Courtesy of Tattoo Archive: It was nice to read recently that Coney Island, USA located at 1208 Surf Avenue has been declared a New York City landmark. It was January of 2011 that the Coney Island’s Landmark Preservation Commission made its decision to protect this early 20th century building, now decorated to look like a sideshow on a circus lot. Built in 1917 as a branch of the Childs Restaurant chain, the building is complete with curved windows, a Spanish tiled roof and mosaics covering the front of the building. The commission described the building as “a stylish building in the Spanish Revival style that was fitting for the area’s beach atmosphere.” This building is one of the few in the area that has been protected in the recent years as the neighborhood undergoes widespread razing and redevelopment to make room for high-rises and hotels…
Between the 1880s and World War II Coney Island was the largest amusement area in the United States. It was home to three massive amusement parks, Luna Park, Dreamland and Steeplechase Park, all bordering on Coney Island’s main street, Surf Avenue. These parks drew millions of people to this little strip of land on the south end of Brooklyn. Along with the parks, other businesses opened that catered to the masses, including railroads, steamship companies, restaurants, saloons, dance halls, hotels, side shows and of course tattoo shops.
Today ironically, Coney Island is a peninsula. It was formerly an island separated from Brooklyn by Coney Island Creek, but before World War II the center of the creek was filled in creating the peninsula.
The list of tattooists and attractions that have worked in and around Coney Island is impressive; the following is a short list of some of those folks:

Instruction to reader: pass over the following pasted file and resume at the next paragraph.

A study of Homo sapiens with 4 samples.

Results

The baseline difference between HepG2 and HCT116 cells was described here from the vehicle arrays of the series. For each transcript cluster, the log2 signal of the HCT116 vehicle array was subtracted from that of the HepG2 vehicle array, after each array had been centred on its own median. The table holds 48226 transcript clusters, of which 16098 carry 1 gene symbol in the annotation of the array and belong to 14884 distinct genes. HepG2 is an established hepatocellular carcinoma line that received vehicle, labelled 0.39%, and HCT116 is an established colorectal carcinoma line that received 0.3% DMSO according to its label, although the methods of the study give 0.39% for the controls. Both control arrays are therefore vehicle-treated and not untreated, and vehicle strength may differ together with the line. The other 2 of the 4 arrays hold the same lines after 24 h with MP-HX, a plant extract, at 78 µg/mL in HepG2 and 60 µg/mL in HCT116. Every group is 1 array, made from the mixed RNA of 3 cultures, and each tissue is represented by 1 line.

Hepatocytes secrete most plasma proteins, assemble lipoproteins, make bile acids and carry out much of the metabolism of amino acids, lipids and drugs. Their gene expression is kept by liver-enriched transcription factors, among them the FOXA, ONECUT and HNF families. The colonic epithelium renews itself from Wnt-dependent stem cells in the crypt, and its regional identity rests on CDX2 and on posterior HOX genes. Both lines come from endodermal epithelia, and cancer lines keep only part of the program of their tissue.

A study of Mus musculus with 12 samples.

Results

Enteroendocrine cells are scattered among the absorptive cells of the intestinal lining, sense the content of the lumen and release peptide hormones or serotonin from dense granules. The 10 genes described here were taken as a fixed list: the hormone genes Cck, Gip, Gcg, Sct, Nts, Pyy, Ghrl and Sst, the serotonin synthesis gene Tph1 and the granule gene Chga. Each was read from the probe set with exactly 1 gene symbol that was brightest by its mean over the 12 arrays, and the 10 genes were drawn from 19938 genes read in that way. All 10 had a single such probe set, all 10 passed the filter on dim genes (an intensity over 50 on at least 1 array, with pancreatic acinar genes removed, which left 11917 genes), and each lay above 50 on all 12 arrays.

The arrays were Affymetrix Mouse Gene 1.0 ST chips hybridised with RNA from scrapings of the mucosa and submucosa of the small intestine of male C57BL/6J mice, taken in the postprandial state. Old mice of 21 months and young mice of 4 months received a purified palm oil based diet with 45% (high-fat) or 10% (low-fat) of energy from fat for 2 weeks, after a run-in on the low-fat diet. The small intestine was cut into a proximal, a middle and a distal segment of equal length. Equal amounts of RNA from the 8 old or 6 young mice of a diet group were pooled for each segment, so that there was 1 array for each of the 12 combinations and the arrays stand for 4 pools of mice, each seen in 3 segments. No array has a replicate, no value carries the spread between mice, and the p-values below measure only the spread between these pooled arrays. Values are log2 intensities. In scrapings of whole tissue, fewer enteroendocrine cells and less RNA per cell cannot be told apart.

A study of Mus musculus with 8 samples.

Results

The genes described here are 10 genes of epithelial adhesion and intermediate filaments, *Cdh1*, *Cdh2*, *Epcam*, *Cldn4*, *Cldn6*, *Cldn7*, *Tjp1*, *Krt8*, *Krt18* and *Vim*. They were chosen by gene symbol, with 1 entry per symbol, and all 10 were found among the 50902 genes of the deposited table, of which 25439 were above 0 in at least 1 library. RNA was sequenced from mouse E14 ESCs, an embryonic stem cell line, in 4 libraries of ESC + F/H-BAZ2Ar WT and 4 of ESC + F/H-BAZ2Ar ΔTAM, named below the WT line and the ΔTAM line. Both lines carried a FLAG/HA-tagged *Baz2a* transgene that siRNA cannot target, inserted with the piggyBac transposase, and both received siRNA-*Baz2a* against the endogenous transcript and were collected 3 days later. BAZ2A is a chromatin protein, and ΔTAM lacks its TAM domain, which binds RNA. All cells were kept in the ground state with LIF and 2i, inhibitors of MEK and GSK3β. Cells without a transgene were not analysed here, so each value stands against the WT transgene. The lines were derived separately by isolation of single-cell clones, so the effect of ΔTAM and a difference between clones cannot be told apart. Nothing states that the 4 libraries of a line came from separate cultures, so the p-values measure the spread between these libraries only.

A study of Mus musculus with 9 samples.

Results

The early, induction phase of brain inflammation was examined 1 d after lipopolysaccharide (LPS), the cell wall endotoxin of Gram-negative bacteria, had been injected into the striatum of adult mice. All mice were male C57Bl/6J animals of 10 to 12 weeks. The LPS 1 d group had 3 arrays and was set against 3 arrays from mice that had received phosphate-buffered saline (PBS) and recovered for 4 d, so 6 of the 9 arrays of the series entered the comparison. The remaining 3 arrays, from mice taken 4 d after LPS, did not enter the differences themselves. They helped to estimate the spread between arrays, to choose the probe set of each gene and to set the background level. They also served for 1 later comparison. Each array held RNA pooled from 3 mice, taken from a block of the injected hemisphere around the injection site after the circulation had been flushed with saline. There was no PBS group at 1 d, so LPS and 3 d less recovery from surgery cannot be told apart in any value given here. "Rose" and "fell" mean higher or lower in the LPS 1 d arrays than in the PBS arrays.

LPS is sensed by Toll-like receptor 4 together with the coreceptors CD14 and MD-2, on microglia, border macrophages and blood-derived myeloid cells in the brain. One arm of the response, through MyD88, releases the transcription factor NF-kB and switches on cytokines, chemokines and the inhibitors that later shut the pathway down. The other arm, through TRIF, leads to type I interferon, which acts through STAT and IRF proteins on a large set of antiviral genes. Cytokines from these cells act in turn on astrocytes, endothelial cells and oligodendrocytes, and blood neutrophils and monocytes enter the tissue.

Billy, James & Joey-Grecco–Tattooist… Brothers to the better known Brooklyn Blackie.
Bob Wicks-Tattooist. Known for his work in New York City but like many city tattooists the summer business in Coney Island was too good to pass up.
Brooklyn Blackie-Tattooist. Started tattooing at Coney Island in 1949.
Coney Island Freddy-Tattooist. The only tattooist we know who took Coney Island as part of their name.
Deafy Grassman-Tattooist. Deafy may have worked with his beautiful wife Stella in one of the many sideshows.
Eddie Funk-Tattooist. The One! The Only!
Frank Graf-Tattooist. Tattooed in Coney Island in the 1910s at dime museums and sideshows.
Jack Dracula-Tattooist/Attraction. Said to have been inspired by the Great Omi and had his face tattooed.
Jack Gavett-Tattooist. Tattooed in Coney Island and Brooklyn in the 1910s.
Jean Carroll-Carson-Attraction. Appeared as the Tattooed Venus in 1953 at Coney Island.
Joe Lieber-Tattooist. Said to have worked in Coney Island before making a big name for himself on the west coast. Madam Hall-Tattooist/Attraction.
Tattooed fat-lady was tattooed by Frank Graf.
Mae Vandermark-Attraction. Better know as Miss Artorio to the masses at Coney Island, tattooed by Charlie Wagner.
Max Pelz-Tattooist. Did Eddie Funk’s first tattoo in 1952.
Mike & Junior Colantuono-Tattooist. Mike learned tattooing from Brooklyn Blackie and Mike taught his brother Jimmy to tattoo.
Mille Christiana-Attraction. Worked in 1911 in Coney Island as a tattooed-lady.
Mrs. Jack Diamond-Attraction. Coney Island tattoo attraction early 1900s.
Prince Laurie-Attraction. Worked with the Armstrong Museum in Coney Island, 1918.
Rosita-Attraction Dreamland. Tattooed-lady, 1917.
Sailor Don-Tattooist. Worked with Max Pelz in Coney Island, 1950s.
Sailor Freddy-Tattooist. Tattooed near the Bowery in Coney Island.
Sailor Ralph-Tattooist. Puerto Rican tattooist that worked all around New York City.
Samuel O’Reilly-Tattooist. Said to have spent the summers working along Stillwell Ave. in Coney Island.
South Sea Island Joe/Attraction. History unknown, but probably worked at one of the many sideshows or dime museums.
Tony Cambria-Tattooist. Learned to tattoo from Brooklyn Blackie.
W.F. Gilbert-Tattooist/Attraction. Worked at Huber’s Museum in 1918.
- Dreamland Circus Side Show postcard 1900s.
- Home of Coney Island USA, 1208 Surf Ave.
- Jack Dracula flash sheet, 1959.
- Map showing the layout of the parks at Coney Island.
- Bob Wicks illustration from a business card.
- Deafy and Stella’s business card.
- Brooklyn Blackie’s business card.
This installment of For the Record was featured in Tattoo Artist Magazine issue #29.